The hidden scars of heart disease

One in 100 kids are born with heart disease—but some of them may not even know it


Many children who are born with a heart defect live with a physical scar. But for others, the scars can run much deeper—and the imprint they leave on the rest of a child’s life is profound.

In November 2019, 14-year-old Mattias was swimming in the hotel pool while on a school trip in Vancouver. As he dove into the water, his heart stopped beating, and he went into cardiac arrest—abruptly losing consciousness and his ability to breathe.

Two classmates noticed he was in trouble, and immediately pulled him out of the pool and began to administer CPR. Minutes later, paramedics arrived and revived him with an automated external defibrillator (AED), before rushing to BC Children’s Hospital, where Mattias went into cardiac arrest two more times. He spent the next week hooked up to a ventilator, as clinicians did everything possible to save his life.

A series of tests revealed that Mattias had a rare genetic heart condition called catecholaminergic polymorphic ventricular tachycardia (CPVT), which caused irregular heartbeats. While rare, the first sign of CPVT can be cardiac arrest. And if the heart isn’t brought back to its normal rhythm within minutes, it can be fatal.

Every year, hundreds of families in Canada are affected by the sudden death of a seemingly healthy child, who suddenly suffers from cardiac arrest without warning.

Stopping tragedy in its tracks

Fortunately, Mattias recovered and returned to his home near Kamloops a few weeks later. As an active teen with a passion for skiing and mountain biking, he’s been able to return to the activities he enjoyed before his diagnosis—but with notable differences. Mattias must take two medications daily for the rest of his life, without missing any doses.

BCCH patient, Mattias riding his bikeAs Mattias was very keen to get back to the outdoors, he now carries a portable AED if he’s more than a ten-minute response time from paramedics or an on-site AED—and must be accompanied by someone who can administer CPR anytime he exercises.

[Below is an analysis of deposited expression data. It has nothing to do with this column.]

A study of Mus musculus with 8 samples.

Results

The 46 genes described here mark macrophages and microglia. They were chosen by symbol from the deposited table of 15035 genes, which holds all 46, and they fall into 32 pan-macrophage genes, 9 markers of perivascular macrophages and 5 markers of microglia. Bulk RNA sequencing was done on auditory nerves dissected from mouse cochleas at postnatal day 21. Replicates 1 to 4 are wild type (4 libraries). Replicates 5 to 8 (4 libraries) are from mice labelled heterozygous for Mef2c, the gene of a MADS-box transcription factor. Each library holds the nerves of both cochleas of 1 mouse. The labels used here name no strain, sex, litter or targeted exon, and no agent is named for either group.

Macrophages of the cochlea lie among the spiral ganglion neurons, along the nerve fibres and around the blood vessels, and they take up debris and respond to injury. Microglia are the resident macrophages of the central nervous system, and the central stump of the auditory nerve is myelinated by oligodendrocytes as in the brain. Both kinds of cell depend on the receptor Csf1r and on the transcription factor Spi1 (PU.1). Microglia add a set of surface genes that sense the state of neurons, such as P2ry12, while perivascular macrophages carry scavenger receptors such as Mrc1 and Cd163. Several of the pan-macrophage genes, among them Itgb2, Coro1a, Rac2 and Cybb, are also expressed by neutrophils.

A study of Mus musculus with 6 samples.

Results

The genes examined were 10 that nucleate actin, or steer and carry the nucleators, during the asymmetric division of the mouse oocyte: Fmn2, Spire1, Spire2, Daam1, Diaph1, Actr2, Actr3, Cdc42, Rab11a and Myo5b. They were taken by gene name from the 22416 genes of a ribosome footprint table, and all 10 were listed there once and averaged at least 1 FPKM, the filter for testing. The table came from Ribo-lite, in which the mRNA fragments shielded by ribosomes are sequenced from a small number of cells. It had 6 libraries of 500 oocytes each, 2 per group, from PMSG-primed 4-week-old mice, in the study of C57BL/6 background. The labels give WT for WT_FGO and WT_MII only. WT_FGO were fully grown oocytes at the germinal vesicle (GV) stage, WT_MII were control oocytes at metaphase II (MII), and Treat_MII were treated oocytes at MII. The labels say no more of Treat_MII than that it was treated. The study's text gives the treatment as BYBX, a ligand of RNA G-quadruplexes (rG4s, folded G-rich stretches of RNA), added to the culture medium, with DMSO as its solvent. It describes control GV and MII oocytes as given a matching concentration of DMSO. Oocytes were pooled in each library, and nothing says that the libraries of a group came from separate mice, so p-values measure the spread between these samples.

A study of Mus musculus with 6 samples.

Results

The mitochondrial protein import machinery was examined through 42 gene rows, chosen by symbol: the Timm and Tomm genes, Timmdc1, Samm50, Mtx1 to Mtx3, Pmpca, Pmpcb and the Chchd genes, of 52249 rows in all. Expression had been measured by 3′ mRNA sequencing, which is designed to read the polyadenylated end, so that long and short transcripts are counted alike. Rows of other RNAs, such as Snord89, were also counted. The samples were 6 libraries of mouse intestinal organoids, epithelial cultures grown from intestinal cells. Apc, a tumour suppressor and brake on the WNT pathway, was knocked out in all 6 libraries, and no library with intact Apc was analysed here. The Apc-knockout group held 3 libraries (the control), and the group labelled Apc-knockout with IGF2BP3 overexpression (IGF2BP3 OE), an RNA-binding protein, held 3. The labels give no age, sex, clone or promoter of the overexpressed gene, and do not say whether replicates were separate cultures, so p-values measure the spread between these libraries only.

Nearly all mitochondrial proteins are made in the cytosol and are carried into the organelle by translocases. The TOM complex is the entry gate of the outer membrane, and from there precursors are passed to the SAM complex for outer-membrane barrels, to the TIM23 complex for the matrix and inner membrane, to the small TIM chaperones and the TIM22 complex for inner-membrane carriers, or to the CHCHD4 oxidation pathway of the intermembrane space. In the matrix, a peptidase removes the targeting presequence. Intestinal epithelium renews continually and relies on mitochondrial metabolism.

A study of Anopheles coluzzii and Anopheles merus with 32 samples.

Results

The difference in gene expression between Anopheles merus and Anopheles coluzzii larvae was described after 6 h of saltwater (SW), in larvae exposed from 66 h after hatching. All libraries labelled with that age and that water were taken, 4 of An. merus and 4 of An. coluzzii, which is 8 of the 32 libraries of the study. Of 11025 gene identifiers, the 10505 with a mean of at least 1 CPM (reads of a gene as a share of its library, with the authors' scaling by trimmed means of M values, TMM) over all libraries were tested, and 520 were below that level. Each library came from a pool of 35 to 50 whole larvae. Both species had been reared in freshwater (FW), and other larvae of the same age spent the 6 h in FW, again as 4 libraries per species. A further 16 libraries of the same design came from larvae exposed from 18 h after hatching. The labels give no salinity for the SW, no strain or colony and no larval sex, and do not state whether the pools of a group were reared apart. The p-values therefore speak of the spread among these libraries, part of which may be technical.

While his recovery has been remarkable, Mattias’ outcome would have been different if it wasn’t for the quick action taken by his classmates. CPR and rapid access to an AED are the most important measures to save the life of someone who is in cardiac arrest.

But now, through advances made in care, there is new hope for kids like him. “A lot of the heart conditions we treat at BC Children’s Hospital are inherited,” explained Dr. Shubhayan Sanatani.

“Through genetic testing, we can actually identify children who may have or be at risk of developing heart disease—often before they’ve even shown any symptoms.”
—Dr. Sanatani, division head of cardiology

Dr. Shubhayan Sanatani, division head of cardiology at BC Children's Hospital“This allows us to prevent the difficult and tragic consequences of heart rhythm disorders by getting treatments to children earlier,” he continues.

Even once genetic testing confirms the possibility of heart disease, many questions remain in determining the best treatment. With several possible medication combinations for heart arrhythmias, experts must often take a trial-and-error approach to find what is best for each child.

This poses a certain degree of risk because the wrong treatment can result in recurrent cardiac arrest or even worse, sudden death. For years, health care providers at BC Children’s have dared to ask: what if there was a better way?

Fighting heart disease in a dish

The answer to this question may lie in stem cells. As cells that are able to develop into many different cell types—including heart cells—they may hold the key to saving the lives of kids with heart rhythm disorders.

By taking a simple blood draw, researchers can turn a patient’s own blood cells into these stem cells, which are then transformed into beating heart cells that “come to life” in a petri dish. The heart cells contain the genome of each child, which enables experts to understand their unique condition in ways never before possible.

“While two children may have the same genetic mutation that’s causing a heart arrhythmia, one might go into cardiac arrest while another will be fine,” explained Dr. Glen Tibbits, an investigator at BC Children’s Hospital who is leading this work. “So, the idea is to screen children using their heart cells to understand who is at greatest risk with minimal discomfort for the child.”

“If a child is at risk, we can then test which medications will work—and which ones won’t—on those beating heart cells, before we use a treatment on them,” Dr. Sanatani added. “It’s a truly personalized approach to medicine.”

A researcher draws liquid from a vileOver the past several years, experts at BC Children’s Hospital have brought this innovative work to children who need it most. But the process of creating heart cells from blood cells not only requires a state-of-the-art facility, it also takes significant investments in time. As a result, many children who would benefit from stem cells haven’t been able to—yet.

Through generous support from Mining for Miracles—the BC mining industry’s long-standing fundraising campaign for BC Children’s Hospital Foundation—the hospital is on a quest to change this reality by establishing a Cellular and Regenerative Medicine Centre (CRMC). A first of its kind in Western Canada, the facility will enable experts to test more children at risk of sudden cardiac arrest, preventing tragic outcomes before they occur.

“Being at the forefront of new technology and knowledge is the key to improving health care,” explained Dr. Sanatani. “This centre will be a world-class platform for scientists and clinicians to come together to study patient conditions in the virtual labs that stem cells allow.”